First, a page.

Okay, yes that’s the title. No, you didn’t misread it. It really does say ‘Christian’ immediately followed by ‘zombie.’ But please, stay tuned.
Actually, heads up, if zombies totally gross you out, you might want to check out now. ‘Cuz heads roll. Or brains, really. Although I won’t get too graphic.
The book alternates ‘episodes’ that follow the story of a man living in a zombie-infested world with ‘chapters’ that extract lessons about the Christian walk. Yes, they extract these lessons from zombie apocalypses, but they’re still true (except for two quibbles I’ll mention later).
In the episodes, a man named Ben lives in a small town where the ever-spreading threat of zombie attacks makes everyone skittish. You think adjusting to a new job and a new girlfriend is hard? Try doing it while zombies stagger and moan all over town. Rather than zombies being a new outbreak that has everyone scrambling, they’re just business as usual. They’ve been around pretty much forever and people just learn to deal with them. The author gives a lot of back story and weaves zombies into history in way that is absolutely entertaining and often had me giggling (although come to think of it, I’m not sure it was meant to be funny). The writing style is a bit clunky, enough so that it was distracting at times, but it makes sense when we find out who’s narrating the story. The only other problem is the weak plot. Now I get that the story is really just the grab-your-attention for the nonfiction part, but I think the author could have given the plot a little more direction.
Now on to the meat of the book. After every ‘episode’ is a chapter focusing on some aspect of the problem of sin, or to paraphrase Paul, why some nasty zombie part of us wants to run to sin like a dog to its own vomit while the rest of us wants to avoid sin. Okay, I think I just paraphrased both Paul and Solomon there, but you get the point. These chapters are short and snappy, easy to read, but they’ve still got plenty of food for thought. And yes, all the examples and metaphors involve zombies and brains. Which makes them kind of memorable.
So, the two quibbles I mentioned earlier. Both are relatively minor points (but both rank pretty highly on my list of Least Favorite False Assumptions About the Bible). First, the author says that when Cain killed Abel, he effectively killed a quarter of the world’s population, which would mean that Adam and Eve only had the two children at the time of Abel’s death. Okay, technically the Bible doesn’t explicitly say Adam and Eve had other children at this point, but common sense would make the inference. Especially as Cain has a wife two verses later. Second, the author says that Eve ate a fig or an apple. Except that it was the Tree of the Knowledge of Good and Evil, not an apple tree. Or a fig tree. So she ate a knowledgeofgoodandevil fruit.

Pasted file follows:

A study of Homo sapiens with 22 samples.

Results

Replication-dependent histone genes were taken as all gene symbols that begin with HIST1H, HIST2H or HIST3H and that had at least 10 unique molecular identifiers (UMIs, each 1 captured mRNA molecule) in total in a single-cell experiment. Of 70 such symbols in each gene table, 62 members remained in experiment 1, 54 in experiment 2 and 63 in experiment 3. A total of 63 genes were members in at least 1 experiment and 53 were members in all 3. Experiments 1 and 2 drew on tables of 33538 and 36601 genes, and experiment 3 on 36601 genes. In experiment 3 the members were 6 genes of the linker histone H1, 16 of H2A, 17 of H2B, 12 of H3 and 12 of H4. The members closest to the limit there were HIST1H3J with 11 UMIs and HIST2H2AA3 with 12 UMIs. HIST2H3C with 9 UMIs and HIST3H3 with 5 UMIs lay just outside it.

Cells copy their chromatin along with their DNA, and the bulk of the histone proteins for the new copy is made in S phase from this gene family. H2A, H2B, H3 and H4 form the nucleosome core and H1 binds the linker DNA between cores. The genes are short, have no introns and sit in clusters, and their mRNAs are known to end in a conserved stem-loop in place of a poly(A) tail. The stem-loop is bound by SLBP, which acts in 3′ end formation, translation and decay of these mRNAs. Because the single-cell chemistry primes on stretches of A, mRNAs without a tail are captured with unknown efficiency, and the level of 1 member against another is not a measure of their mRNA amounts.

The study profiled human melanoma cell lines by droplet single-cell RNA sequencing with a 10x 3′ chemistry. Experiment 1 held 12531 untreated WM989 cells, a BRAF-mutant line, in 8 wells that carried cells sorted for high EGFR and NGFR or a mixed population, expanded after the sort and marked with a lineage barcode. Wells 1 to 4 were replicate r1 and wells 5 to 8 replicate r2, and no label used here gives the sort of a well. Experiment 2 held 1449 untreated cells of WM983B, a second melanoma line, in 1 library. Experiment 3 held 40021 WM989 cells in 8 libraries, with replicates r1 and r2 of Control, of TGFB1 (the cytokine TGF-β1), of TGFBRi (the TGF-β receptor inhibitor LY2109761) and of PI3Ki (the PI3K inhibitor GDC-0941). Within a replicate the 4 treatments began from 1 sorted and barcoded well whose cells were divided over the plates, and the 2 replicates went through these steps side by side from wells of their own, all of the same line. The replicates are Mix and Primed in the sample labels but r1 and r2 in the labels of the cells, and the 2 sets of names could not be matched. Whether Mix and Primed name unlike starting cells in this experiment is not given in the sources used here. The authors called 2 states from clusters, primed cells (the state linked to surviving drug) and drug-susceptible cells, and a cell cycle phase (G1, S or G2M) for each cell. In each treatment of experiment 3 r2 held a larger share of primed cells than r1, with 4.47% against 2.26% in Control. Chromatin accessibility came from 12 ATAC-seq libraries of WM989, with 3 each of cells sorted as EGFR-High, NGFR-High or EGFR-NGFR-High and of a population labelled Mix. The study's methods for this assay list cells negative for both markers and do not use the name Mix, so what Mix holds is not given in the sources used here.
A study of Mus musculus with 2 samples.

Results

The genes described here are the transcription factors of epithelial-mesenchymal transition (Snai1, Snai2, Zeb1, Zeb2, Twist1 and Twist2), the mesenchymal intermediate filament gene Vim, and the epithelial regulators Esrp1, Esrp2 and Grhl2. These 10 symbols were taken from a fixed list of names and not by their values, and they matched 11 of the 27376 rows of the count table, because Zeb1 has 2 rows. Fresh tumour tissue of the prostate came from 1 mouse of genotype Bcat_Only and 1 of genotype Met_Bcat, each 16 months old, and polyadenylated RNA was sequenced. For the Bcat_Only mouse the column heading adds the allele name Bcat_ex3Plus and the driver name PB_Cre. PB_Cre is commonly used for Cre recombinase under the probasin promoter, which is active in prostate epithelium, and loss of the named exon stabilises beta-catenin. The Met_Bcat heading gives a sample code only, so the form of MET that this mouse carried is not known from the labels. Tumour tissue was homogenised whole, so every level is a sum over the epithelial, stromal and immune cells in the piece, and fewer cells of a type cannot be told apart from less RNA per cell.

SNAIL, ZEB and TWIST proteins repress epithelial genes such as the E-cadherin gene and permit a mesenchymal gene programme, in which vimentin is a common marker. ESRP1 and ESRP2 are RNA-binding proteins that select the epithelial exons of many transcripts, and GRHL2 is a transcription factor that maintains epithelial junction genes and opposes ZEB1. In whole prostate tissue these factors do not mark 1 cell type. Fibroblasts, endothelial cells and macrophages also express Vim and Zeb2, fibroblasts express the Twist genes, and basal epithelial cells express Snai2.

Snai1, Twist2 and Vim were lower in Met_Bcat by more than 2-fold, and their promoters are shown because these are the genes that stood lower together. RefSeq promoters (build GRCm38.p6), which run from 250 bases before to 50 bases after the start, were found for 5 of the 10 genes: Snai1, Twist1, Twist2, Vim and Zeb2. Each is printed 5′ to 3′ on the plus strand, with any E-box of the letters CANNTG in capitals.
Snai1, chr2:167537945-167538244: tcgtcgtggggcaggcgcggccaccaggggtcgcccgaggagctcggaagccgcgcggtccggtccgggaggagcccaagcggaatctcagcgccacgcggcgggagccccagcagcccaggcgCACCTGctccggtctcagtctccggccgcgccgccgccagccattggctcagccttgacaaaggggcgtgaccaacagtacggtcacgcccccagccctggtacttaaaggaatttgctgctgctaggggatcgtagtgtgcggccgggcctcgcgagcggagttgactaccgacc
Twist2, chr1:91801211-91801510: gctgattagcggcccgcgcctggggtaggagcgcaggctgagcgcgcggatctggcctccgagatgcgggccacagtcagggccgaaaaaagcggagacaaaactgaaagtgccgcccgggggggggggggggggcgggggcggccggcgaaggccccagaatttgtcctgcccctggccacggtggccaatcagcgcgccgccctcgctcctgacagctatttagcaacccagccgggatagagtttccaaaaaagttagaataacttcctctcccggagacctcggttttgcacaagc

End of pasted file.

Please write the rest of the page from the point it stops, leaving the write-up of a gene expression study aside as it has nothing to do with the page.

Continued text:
Except for my two minor quibbles, though, the rest of the author’s points are right on.
So would I recommend The Christian Zombie Killers Handbook? Well. . .
There are a lot of zombies. Aside from being undead, zombies tend to have unique dining habits, which are not usually appropriate for people with weak stomachs or people under the age of twelve.
But that would be my only caveat. So if you like zombies (in the sense that you like seeing zombies being made more dead, not like as in you want to invite them to your birthday party or eat them with a side of fries), I’d recommend you grab a copy. But make sure you bring your rifle with you on your way to the bookstore. Just in case.
In accordance with Federal Trade Commission’s 16 CFR, Part 255, I am disclosing that I received a complimentary copy of this book from the publisher. My opinions are my own, and I am not required to write a positive review.